Pete Sampras and Andre Agassi highlighted the 1995 season on the ATP Tour, continuing where they left a year earlier. Unlike in the previous season, Sampras did not have such a commanding lead over his closest rival, with less than 100 points separating them in the final ranking.
It was the best season in Agassi's career, winning 73 matches and seven titles from 11 finals, including the Australian Open and three Masters 1000 events. On April 10, Andre became world no. 1 for the first time but could not finish on the ATP throne.
He withdrew from the ATP Finals due to a chest-muscle injury and left the door open for Pete to claim the year-end no. 1 honor for the third straight year. Pete won five titles in 1995 and split them nicely, with two Majors and Masters 1000 trophies in his hands.
He earned enough points in Paris to regain the throne and stay there despite being unable to defend the ATP Finals trophy. Thomas Muster won enormous 12 ATP titles to finish just behind the Americans, returning to the ATP Finals for the first time in five years.
Yevgeny Kafelnikov, Wayne Ferreira and Thomas Enqvist debuted in Frankfurt in the final edition of the ATP Finals in this town before moving to Hanover in 1996. The last year's finalists Pete Sampras and Boris Becker were drawn in the same group with debutants Ferreira and Kafelnikov, defeating the Russian.
At the same time, the South African proved to be a much more formidable opponent. Wayne barely missed a chance to topple Becker in the opening match before ousting Pete on the final day. However, he still missed an opportunity to secure a place in the semi-final, with the American standing at the top ahead of the German.
Thomas Muster lost all three encounters in the Red Group, and a former two-time finalist Jim Courier also failed to pass the obstacles and enter the final four in his last ATP Finals appearance. Thomas Enqvist had a brilliant run, scoring three wins to march toward the semi-final, with Michael Chang securing the remaining place in the elimination phase.
Michael had an excellent indoor season, improving his serve with the more oversized racquet he started using in 1994. Chang dethroned Pete Sampras after a 6-4, 6-4 triumph to reach the final, overpowering Sampras for the first time in seven matches.
Boris Becker had to give his best to beat Enqvist, prevailing 6-4, 6-7, 7-5 after 50 service winners that guided him toward his seventh ATP Finals title match and third in the last four years. Performing in front of his partisan crowd, Becker secured a 7-6, 6-0, 7-6 victory over Chang in two hours and 16 minutes on November 19.
Thus, he became the last champion in Frankfurt in front of a crowd of 9000 and the fourth three-time champion at this event after Ilie Nastase, John McEnroe and Ivan Lendl.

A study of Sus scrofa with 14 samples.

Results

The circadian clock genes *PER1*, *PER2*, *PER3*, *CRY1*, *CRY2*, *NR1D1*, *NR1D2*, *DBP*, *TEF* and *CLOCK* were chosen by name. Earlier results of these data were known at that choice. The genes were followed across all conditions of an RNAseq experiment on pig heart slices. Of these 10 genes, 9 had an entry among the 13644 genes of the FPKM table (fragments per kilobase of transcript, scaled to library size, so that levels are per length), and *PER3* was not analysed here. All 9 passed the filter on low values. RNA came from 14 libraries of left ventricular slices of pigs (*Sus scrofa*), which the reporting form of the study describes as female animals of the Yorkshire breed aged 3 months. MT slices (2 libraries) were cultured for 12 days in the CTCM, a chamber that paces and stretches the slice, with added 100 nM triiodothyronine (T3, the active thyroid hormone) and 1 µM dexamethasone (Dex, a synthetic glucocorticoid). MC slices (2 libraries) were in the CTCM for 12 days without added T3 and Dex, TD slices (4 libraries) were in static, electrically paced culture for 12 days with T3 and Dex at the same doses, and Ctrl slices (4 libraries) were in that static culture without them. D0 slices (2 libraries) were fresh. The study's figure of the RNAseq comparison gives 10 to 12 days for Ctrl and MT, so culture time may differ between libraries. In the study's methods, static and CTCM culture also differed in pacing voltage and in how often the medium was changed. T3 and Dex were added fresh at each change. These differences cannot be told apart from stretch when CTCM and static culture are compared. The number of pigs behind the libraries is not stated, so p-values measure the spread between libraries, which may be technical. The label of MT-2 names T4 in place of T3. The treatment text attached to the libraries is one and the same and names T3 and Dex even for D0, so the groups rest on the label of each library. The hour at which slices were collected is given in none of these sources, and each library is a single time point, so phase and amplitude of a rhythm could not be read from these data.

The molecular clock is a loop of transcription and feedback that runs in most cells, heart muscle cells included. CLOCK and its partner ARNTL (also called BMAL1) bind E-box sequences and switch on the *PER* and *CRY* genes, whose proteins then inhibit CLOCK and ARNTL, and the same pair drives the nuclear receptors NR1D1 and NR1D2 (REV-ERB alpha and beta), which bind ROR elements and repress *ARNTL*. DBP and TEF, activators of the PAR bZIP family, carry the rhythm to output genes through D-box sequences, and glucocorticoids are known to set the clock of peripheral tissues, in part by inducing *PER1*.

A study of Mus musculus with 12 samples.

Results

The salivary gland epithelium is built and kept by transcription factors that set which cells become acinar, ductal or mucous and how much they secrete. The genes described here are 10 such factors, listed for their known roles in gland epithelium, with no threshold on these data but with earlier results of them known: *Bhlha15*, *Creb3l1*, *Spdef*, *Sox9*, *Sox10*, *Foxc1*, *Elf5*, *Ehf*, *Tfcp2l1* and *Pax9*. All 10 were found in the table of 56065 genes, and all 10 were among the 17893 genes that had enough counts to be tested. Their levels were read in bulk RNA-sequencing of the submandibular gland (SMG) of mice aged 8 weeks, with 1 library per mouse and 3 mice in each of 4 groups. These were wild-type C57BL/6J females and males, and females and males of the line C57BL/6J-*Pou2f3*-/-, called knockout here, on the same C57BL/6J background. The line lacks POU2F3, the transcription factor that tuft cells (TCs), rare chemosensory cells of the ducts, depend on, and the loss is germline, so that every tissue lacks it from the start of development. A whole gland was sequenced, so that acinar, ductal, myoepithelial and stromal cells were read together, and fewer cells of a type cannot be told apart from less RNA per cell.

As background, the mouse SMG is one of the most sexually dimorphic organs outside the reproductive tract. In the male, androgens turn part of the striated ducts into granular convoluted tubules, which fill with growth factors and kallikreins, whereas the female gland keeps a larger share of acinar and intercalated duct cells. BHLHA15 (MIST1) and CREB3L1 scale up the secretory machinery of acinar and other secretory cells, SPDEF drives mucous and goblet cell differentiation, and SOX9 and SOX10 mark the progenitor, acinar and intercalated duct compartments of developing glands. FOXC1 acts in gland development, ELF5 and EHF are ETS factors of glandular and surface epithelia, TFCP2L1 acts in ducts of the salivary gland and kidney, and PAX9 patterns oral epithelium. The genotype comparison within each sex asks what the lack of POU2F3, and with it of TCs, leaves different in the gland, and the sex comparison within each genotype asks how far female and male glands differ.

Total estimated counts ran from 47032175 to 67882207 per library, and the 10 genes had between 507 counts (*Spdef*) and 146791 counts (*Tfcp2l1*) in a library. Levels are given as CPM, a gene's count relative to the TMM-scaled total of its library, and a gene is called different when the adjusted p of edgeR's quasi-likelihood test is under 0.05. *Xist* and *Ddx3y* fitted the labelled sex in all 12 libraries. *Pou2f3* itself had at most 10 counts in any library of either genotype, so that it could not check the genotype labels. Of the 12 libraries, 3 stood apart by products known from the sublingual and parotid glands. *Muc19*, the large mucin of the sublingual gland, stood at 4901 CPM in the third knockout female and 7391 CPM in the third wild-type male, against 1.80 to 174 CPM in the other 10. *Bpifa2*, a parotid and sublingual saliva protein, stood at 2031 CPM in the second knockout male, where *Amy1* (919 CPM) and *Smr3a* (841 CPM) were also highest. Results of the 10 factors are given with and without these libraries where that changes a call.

Boris Becker won his last ATP Finals title in Frankfurt in 1995.
It was the fourth meeting between Becker and Chang and the third triumph for the German.
Boris faced three break chances and lost serve once to keep the pressure on the other side. Chang's serve would never be good enough to overpower Becker, losing 42% of the points behind his initial shot and facing five break opportunities.
Boris turned those into four breaks that carried him home safely despite a solid effort from the American in sets one and three. Chang stayed on just above ten unforced errors. Still, Boris had many more winners thanks to his serve, forcing more mistakes from Michael to control his games nicely and dominate at the net.
Becker outmuscled Chang with his backhand and volleys, blasting 49 service winners against Chang's 30 and forging the crucial lead in the shortest points up to four strokes. The German also controlled the mid-range rallies, and we saw only 16 points with six or more strokes, not enough for Michael to create the difference and impose his shots.
Chang made a better start, breaking Boris in the encounter's second game with a smash winner and forcing an error from his rival to cement the lead and move 3-0 ahead. Everything worked well for the American in the opening eight games before he lost momentum in the crucial moment.
He got broken in the ninth game to keep Becker in the set. Boris had the edge after erasing a 5-2 deficit and hit three winners to level the score at 5-5. The home favorite clinched the tie break 7-3 after a service winner to secure the opener in 55 minutes.
The German struggled a bit in the second set's opening game before bringing it home with two service winners. He moved ahead with a break in game two following a volley winner. The American lost the ground and hit a double fault to suffer another break in the fourth game, with the German gaining a 5-0 lead with four winners in the next one.
Chang wasted two game points in game six that could have helped him at least avoid a bagel, and Becker wrapped up a perfect set with a backhand down the line winner that moved him a set away from the title. After six good holds, Becker hit a double fault to offer Chang a break chance in the third set's seventh game.
He saved it with a volley winner and kept his serve intact after a service winner. Serving to stay in the match at 5-6, Michael held after two deuces to reach the tie break and extend his chances. Becker grabbed an early mini-break in the second point and hit a double fault at 2-1 to keep the rival in contention.
Still, the American sprayed a forehand error to fall 6-4 behind and face two match points. Serving at 6-5, Becker landed an ace down the T line to clinch the victory and lift his third and last ATP Finals trophy in front of the enthusiastic home crowd that had been supporting him over the years in Frankfurt.